A parure commissioned by an Ottoman Sultan was traditionally composed with the diamonds owned about 160 years earlier by an empress of Russia. Although that provenance was not accompanied by in period documents there is not any reason to have a doubt.
Marta Helena was an illiterate daughter of a Lithuanian peasant. This pretty girl had an early life of adventure, between soldiers and prostitution. She managed to be sold to one of the closest courtiers of Peter the Great. In 1707 the Tsar married her secretly. In 1705 her name had been changed to Catherine Alexeyevna.
The Ottomans declared war on Russia in 1710. Peter and Catherine went to war. The campaign of Pruth, ill-prepared, turned to disaster in 1711 on Russian side.
Fully understanding the Oriental traditions, Catherine, without informing Peter, joined her diamonds to a message prepared by the Tsar to propose peace. This present was decisive and the treaty was concluded. Catherine married Peter officially in the following year and was his successor as Catherine I at his death in 1725.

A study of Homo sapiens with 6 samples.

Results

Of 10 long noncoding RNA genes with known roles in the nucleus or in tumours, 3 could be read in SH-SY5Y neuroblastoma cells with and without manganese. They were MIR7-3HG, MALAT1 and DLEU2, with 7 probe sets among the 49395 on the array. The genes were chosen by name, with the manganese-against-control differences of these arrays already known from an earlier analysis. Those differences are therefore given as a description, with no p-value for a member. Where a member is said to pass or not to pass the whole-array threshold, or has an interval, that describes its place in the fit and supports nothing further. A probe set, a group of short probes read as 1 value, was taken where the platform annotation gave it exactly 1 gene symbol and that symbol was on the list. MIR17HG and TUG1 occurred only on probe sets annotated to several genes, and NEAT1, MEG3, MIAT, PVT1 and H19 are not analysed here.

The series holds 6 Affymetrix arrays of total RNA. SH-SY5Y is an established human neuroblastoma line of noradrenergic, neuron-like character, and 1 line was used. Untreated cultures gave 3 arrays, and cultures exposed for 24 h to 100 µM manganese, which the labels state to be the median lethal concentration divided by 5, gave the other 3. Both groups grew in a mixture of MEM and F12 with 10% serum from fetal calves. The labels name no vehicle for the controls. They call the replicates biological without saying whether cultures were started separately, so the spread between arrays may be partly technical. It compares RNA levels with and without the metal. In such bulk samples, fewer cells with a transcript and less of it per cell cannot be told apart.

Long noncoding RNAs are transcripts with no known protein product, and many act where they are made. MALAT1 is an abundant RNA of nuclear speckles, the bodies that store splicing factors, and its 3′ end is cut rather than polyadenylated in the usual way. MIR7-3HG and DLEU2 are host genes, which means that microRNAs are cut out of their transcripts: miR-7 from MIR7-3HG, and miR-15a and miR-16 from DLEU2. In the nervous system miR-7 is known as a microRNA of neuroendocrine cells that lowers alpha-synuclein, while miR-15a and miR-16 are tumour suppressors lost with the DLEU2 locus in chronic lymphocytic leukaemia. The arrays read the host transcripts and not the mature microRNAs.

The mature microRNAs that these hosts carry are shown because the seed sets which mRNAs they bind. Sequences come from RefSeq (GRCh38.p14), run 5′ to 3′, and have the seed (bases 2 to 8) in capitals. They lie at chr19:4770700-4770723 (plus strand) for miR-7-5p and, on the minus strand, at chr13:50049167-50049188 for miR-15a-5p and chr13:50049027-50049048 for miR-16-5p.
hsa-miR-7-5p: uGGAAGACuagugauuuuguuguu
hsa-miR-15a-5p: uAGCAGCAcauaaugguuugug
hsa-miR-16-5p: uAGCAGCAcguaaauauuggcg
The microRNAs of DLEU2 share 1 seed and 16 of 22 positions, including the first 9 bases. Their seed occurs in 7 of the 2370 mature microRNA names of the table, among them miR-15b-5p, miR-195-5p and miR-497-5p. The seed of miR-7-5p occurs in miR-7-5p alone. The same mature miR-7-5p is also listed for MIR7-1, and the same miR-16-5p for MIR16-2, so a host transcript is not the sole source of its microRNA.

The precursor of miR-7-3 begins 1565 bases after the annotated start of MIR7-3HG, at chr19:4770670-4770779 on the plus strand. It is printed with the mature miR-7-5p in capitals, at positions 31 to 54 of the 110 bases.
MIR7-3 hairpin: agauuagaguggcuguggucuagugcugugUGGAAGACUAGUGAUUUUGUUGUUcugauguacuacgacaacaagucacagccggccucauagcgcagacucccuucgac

The sultans had treasured this tribute and the Ottoman prince who was to become Sultan Abdul Hamid II had it assembled in a necklace, a pair of earrings and a brooch, probably in 1874. This suite is made of diamonds of various colors, the most important being a 4.46 carat fancy intense yellow.
The parure passed at auction on November 15, 2011 by Sotheby's in Geneva. The estimate was not in the catalog, certainly due to a very high reserve price. It comes back in the same auction room on November 16, lot 328 estimated US$ 3M. The story above is mostly copied from my 2011 discussion.